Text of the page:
Deep Brain Stimulation
What is Deep Brain Stimulation?
Deep brain stimulation (DBS) is a surgical treatment that can help reduce symptoms for patients with severe tremor or Parkinson’s disease. During the procedure, a trained UTHealth Neurosciences neurosurgeon implants electrodes through small holes in the skull into the areas in the brain that coordinate muscle control. The electrodes are connected through wires that run under the skin to a stimulator device, much like a pacemaker in the heart. A patient can use a handheld controller to turn the device controlling the deep brain stimulation on and off.
Dr. Mya Schiess
Director, Movement Disorders and Neurodegenerative Diseases
The neurostimulator uses electrical pulses to regulate brain activity and can regulate abnormal electrical signaling patterns in the brain to ease symptoms of tremor, slowness, and stiffness. By sending continuous electrical signals to targeted areas of the brain, the impulses that cause neurological dysfunctions can be blocked. A successful procedure allows many people to reduce their medication and can significantly restore quality of life.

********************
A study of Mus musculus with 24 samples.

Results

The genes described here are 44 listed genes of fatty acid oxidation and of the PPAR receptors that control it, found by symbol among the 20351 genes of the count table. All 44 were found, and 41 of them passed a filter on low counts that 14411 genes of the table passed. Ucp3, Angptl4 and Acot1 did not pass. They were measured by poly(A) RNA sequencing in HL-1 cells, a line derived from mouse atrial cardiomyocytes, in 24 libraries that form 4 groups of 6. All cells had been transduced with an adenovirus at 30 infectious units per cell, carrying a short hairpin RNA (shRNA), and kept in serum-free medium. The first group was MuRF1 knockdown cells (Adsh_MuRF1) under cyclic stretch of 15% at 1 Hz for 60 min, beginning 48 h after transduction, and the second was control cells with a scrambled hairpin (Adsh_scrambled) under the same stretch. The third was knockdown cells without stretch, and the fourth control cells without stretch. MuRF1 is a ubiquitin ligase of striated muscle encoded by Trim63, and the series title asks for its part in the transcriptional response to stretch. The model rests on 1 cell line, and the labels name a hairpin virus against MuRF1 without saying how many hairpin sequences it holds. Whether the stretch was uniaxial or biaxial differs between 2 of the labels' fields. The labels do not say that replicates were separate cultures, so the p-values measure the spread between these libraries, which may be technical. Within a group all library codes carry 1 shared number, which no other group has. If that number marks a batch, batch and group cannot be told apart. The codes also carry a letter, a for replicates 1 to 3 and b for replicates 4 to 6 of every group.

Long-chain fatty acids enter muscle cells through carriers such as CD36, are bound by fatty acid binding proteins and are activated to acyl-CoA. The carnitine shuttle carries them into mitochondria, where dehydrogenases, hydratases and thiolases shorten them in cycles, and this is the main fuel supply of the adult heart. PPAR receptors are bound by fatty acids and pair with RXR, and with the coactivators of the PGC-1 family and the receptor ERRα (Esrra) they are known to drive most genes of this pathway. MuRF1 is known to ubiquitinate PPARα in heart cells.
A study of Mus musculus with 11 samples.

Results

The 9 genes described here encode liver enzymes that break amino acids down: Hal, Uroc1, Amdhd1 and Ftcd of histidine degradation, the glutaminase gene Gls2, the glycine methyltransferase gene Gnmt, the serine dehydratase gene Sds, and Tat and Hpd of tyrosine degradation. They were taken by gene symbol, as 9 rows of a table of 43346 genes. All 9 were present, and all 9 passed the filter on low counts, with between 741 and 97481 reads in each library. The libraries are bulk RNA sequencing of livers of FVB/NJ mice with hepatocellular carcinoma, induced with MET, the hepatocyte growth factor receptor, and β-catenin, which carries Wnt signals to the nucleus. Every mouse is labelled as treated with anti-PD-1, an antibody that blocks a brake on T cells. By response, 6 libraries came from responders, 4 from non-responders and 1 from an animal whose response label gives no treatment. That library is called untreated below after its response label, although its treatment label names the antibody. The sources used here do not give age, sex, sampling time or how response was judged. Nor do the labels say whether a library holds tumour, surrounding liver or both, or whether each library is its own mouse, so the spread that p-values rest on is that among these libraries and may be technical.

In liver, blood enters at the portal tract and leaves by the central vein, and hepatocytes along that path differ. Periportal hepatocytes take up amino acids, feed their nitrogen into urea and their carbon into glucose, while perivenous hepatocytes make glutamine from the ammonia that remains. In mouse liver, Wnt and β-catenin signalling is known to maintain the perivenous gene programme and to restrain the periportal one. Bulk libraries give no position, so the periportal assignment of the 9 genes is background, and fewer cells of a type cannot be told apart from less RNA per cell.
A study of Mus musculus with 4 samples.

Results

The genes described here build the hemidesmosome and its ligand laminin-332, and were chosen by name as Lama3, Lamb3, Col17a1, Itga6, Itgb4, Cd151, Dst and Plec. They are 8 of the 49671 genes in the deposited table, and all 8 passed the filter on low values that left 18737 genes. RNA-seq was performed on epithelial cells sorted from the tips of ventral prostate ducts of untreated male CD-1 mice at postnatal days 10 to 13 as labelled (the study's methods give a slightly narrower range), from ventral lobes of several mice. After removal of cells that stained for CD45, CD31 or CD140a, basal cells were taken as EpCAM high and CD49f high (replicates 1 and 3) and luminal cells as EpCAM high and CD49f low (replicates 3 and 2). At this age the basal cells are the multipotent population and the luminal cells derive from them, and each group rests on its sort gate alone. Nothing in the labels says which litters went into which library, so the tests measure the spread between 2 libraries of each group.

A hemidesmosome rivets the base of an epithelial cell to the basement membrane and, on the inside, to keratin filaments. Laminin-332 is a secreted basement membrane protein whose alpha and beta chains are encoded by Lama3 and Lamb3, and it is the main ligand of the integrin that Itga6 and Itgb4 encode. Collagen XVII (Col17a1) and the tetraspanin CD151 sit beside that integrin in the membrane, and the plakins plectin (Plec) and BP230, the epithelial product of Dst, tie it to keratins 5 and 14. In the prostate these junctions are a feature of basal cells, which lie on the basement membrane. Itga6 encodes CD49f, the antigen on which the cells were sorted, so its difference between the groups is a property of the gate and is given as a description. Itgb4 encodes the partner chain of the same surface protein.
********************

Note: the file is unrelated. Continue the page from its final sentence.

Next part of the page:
The procedure has been used for decades to treat intractable pain, but only more recently has become a possibility to reduce tremor symptoms. More than 35,000 patients worldwide have DBS implants, according to the American Association of Neurological Surgeons.
DBS may not be an option for all patients. Your medical team will conduct an extensive assessment of your condition to determine if you would benefit from this surgery.
The effects are reversible, and patients would still be candidates for other procedures as they become available.
At UTHealth Neurosciences, we offer patients access to specialized neurological care at clinics across the greater Houston area. To ask us a question, schedule an appointment, or learn more about us, please call (713) 486-8000, or click below to send us a message. In the event of an emergency, call 911 or go to the nearest Emergency Room.